As the quarterly earnings season rolls on, non performing assets are back in the headlines.
Let me start with non-bank financier Bajaj Finance’s first-quarter earnings. After the big boy of banking HDFC Bank reporting a rise in stressed loans, Bajaj Finance’s worsening asset quality was concerning to say the least.
The non-bank lender’s gross non-performing assets ratio stood at 2.96 percent compared with 1.79 percent as on March 31 as local lockdowns to curb the severe second wave of Covid-19 infections hurt collections. Net NPA rose to 1.46 percent of total advances from 0.75 percent in the preceding quarter.
Bajaj Finance is a large player in the smaller two and three wheeler loan market, and a worsening asset quality in this segment is worrying because it mirrors what’s actually happening on the ground in the middle-class borrower segment. Even its SME or small and medium enterprises segment saw a jump in bad loans. Both HDFC Bank and Bajaj Finance are considered some of the strongest players in the finance industry with good underwriting capability, and may be an indicator of the stress in the industry in the aftermath of the second Covid wave.
A top banker had recently remarked that haircuts under the resolution plans would make banks go bald. His fears seem well founded. But the shockingly large (almost 95 percent) haircut banks had agreed to take for the Videocon Group of industries, won’t pass muster easily. NCLAT has now stayed the implementation of the resolution plans, after two dissenting creditors- Bank of Maharashtra and IFCI—petitioned against it. The two banks raised concerns about the low value, and pointed out the NCLT order to show a “breach of confidentiality clause with regard to the Liquidation Value”, highlighting how the resolution plan value and liquidation value were “surprisingly very close.” Bravo to the lenders for standing up against this, but is there an alternative plan? We’ll have to wait and watch.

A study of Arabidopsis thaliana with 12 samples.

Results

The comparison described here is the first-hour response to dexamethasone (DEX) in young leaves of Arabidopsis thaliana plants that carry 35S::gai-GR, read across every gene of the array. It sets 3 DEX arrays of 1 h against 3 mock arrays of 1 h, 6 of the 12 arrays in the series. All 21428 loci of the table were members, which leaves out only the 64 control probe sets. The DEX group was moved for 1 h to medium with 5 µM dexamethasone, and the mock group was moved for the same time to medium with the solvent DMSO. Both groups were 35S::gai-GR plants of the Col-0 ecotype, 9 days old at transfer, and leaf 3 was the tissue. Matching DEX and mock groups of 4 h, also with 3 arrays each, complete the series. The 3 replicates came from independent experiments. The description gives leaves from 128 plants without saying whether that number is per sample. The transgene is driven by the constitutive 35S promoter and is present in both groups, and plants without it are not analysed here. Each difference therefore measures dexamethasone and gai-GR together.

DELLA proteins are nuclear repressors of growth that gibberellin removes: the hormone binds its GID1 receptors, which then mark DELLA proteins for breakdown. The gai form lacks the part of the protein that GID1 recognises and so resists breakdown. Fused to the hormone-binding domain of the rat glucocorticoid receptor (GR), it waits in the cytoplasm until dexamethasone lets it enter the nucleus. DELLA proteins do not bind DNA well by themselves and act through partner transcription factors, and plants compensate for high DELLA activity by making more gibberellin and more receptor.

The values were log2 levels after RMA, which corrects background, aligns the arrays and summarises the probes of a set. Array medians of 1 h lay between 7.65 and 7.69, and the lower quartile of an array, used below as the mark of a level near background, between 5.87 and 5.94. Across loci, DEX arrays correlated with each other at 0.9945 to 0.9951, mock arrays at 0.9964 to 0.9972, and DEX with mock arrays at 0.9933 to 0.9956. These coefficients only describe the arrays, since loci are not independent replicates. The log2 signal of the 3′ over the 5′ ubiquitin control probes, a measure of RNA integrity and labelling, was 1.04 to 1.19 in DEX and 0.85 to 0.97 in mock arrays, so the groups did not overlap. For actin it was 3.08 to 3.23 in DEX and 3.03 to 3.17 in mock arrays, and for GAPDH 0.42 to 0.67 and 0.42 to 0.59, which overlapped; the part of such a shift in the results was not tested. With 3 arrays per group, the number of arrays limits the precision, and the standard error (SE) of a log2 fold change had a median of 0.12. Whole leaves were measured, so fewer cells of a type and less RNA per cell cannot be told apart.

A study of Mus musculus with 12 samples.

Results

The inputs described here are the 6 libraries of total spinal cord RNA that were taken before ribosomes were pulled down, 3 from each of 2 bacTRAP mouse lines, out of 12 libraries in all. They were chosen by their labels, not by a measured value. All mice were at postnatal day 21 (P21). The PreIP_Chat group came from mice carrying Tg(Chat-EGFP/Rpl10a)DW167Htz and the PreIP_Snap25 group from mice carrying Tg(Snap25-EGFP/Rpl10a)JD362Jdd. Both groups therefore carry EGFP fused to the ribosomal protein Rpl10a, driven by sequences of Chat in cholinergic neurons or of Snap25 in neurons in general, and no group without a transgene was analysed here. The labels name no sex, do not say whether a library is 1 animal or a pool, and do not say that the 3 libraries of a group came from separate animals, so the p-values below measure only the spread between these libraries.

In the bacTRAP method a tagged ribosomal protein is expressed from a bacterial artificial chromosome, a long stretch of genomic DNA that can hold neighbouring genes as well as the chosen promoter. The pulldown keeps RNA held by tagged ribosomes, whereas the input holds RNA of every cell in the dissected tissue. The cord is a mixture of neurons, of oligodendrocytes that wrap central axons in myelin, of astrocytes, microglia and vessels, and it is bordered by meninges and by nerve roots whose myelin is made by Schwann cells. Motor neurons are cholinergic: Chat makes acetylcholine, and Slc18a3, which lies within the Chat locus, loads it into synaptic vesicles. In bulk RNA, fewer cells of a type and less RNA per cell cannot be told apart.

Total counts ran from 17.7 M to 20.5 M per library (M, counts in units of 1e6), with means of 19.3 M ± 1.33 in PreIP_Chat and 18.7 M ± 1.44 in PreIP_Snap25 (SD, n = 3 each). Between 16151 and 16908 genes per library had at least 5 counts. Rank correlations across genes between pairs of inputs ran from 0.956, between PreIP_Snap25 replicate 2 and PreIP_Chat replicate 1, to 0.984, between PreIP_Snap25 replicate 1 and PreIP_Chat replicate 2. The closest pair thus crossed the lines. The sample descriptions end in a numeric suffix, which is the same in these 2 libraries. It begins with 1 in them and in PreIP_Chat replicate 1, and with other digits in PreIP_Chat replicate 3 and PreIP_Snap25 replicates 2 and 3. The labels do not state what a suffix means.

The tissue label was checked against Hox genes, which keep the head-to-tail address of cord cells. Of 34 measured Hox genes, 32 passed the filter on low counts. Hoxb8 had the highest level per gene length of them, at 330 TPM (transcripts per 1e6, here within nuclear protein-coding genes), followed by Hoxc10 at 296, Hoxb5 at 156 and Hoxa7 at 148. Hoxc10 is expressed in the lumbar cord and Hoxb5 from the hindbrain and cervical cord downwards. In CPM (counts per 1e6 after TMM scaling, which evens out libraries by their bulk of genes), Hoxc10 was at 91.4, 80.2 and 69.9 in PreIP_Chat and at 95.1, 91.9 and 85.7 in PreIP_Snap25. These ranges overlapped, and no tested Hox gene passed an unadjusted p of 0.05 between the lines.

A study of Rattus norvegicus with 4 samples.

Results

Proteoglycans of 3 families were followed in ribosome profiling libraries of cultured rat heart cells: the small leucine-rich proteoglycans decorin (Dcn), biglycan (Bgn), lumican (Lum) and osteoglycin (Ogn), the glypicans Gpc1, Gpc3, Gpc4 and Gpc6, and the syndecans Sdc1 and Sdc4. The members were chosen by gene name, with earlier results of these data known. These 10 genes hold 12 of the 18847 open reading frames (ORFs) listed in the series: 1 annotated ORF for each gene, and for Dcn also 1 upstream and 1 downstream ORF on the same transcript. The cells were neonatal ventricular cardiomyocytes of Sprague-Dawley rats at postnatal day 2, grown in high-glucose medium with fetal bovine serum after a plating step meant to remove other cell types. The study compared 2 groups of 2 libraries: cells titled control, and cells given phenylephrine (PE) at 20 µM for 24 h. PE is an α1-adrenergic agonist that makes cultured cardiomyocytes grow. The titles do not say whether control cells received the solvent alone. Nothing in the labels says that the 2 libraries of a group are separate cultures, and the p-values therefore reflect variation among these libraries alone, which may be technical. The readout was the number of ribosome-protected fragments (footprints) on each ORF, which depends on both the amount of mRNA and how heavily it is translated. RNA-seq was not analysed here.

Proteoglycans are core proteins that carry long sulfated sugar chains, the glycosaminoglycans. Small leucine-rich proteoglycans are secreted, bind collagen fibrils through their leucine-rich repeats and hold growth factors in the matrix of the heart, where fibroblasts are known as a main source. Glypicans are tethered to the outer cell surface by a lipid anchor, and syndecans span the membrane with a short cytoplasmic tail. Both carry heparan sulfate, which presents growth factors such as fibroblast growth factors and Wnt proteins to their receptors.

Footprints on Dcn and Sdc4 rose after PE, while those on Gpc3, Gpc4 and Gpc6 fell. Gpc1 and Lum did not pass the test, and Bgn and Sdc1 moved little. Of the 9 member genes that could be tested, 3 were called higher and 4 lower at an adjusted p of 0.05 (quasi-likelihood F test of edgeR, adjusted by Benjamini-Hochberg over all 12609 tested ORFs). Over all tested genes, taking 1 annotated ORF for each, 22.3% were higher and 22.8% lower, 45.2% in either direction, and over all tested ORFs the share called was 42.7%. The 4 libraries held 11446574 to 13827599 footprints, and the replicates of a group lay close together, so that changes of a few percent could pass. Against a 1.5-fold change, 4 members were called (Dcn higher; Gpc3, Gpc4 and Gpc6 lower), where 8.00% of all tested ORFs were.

In other news, the shareholder of IDFC Limited had some cheer after the Reserve Bank clarified that IDFC Limited can exit as the promoter of IDFC First Bank Limited after the completion of the five-year lock-in period which ended last year. But hold your horses! The much-speculated reverse merger between the two entities, which IDFC shareholder have been hoping for- may not happen in a jiffy. For one, IDFC will require an explicit approval from RBI for any such merger. Also, IDFC may also have to exit or sell off its other financial business- IDFC AMC- to even make this application, if one were to go by the indications given as per RBI’s internal working group (IWG) recommendations.
Before we go, here’s some good news. The Reserve Bank has officially said that it is currently working towards a phased implementation strategy of the central bank digital currency! Yes, you heard that right. Deputy Governor T Rabi Sankar said that RBI has been exploring the pros and cons of introduction of CBDCs for quite some time, and is now examining use cases which could be implemented with little or no disruption. There are obvious benefits- such as reduced dependency on cash, higher seigniorage, reduced settlement risk, but also the associated risks to consider. In the words of Sankar, “Every idea will have to wait for its time. Perhaps the time for CBDCs is nigh.”